Here’s the final stitch pattern from my yarn battle yesterday. While I was frustrated at not quickly finding the right stitch pattern, I have to say, I loved working with the yarn. It’s Fil de La Mer from Tilli Tomas. It’s 70% silk and 30% Seacell (which is a combination of lyocell processed wood pulp and 5% seaweed). The yarn has a cabled construction which gives it quite a bit of bounce for silk, and the Seacell makes it have all of the shine and softness, but none of the squeaky chalkiness that silk sometimes has. (It still smells like silk, especially when blocked. The yarn is dyed as a subtle semi-solid and the slight variation in blues is lovely to watch as you crochet.
So, I had a lot to consider when swatching, and it took me almost an entire ball of yarn to figure it out. I already knew the shape and construction of the garment, so the fabric had to work for that construction. I loved the look of the yarn in a more solid fabric–I tried linked doubles and trebles, I tried alternating rows of double crochet and single crochet, and it looked nice, but I felt that a solid sweater would a) be too heavy, and b) use too much yarn. I tried more intricate lace motifs, but they seemed too “retro” and reminded me of the lace cotton crocheted sweaters of the 1980s. Not what I’m going for. I tried stacked and simple staggered shells, but they seemed too, well, symmetrical.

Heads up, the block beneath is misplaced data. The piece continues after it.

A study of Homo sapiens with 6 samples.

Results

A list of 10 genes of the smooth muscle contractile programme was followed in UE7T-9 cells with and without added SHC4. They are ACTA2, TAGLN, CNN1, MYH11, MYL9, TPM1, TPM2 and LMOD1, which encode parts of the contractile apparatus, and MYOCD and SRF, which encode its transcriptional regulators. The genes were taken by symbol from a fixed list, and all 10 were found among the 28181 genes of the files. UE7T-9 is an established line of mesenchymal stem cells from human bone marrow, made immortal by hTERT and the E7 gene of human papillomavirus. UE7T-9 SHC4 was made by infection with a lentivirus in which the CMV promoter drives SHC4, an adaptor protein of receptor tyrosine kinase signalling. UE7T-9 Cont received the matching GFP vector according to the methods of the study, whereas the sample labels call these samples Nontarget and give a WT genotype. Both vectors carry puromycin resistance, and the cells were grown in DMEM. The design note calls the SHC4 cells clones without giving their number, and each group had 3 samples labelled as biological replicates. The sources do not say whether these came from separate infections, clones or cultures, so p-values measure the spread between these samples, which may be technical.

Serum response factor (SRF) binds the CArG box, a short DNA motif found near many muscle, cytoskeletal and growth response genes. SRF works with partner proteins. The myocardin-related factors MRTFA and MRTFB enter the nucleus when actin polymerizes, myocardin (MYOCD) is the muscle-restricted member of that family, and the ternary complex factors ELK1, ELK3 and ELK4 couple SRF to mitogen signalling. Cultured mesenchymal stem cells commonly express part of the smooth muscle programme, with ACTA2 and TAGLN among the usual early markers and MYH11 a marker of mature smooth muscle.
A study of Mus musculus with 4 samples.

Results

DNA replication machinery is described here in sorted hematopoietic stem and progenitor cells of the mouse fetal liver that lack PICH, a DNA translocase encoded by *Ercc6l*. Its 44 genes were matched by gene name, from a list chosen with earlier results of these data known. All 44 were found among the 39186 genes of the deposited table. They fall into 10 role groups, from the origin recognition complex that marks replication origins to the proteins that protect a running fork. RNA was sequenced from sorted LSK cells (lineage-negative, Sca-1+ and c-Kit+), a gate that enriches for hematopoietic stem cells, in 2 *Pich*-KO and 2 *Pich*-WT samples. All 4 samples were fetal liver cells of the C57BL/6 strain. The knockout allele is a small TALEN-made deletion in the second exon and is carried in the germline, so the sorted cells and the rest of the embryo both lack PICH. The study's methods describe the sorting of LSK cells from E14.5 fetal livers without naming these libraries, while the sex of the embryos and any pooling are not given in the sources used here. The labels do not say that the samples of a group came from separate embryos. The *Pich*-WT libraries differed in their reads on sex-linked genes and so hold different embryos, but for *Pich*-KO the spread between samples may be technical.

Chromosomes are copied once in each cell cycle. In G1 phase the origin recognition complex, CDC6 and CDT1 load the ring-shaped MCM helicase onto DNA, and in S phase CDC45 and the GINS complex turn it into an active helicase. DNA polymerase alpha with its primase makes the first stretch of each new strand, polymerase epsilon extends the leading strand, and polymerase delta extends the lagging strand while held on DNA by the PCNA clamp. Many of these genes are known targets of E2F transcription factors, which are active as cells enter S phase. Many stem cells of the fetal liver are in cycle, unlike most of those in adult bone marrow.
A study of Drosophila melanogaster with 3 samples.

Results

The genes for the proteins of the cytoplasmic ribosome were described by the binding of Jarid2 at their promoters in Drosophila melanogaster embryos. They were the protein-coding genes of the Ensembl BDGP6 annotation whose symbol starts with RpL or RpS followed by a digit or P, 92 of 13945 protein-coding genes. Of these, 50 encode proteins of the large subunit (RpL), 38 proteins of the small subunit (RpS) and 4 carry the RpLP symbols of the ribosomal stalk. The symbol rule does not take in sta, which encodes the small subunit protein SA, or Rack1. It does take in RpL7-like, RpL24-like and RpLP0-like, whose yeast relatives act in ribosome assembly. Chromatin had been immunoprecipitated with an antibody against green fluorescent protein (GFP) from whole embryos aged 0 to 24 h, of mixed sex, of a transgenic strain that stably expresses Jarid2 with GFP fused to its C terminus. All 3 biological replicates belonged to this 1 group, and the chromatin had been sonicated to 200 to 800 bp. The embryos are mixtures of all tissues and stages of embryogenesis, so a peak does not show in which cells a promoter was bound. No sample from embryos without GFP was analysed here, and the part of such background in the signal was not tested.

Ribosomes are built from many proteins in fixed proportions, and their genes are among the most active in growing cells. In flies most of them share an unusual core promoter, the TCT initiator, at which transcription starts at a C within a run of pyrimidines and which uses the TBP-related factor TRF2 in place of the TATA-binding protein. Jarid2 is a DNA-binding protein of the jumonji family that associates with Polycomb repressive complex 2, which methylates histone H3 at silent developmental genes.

I used all my normal resources–The Harmony Guides, Donna Kooler’s Encyclopedia of Crochet, but I also had two new stitch guides at my disposal. Sasha Kagan’s beautiful Crochet Inspiration, and The Complete Book of Crochet Stitches by Linda Schapper. Both books have stitches not present in my other books, and what’s more, even seeing “old” stitches presented in a new light can give me ideas.
When I’m trying a stitch pattern from a book, I don’t usually follow the line-by-line instructions. Because I have to really learn the stitch both physically and intellectually, I’ll work from the picture and deconstruct it. When I’m not following someone’s written instructions I feel more free to make changes and alter a stitch pattern to fit my needs. Later, when I’ve decided on my stitch, I’ll chart it, by hand, on graph paper to figure out repeats and if necessary, work out how I’m going to make increases and decreases.
Last night, I blocked and measured my swatch, calculated my foundation chain based on the stitch pattern and the size of the pieces which I had already determined with a schematic, and I started the sweater. I got about 6 inches done.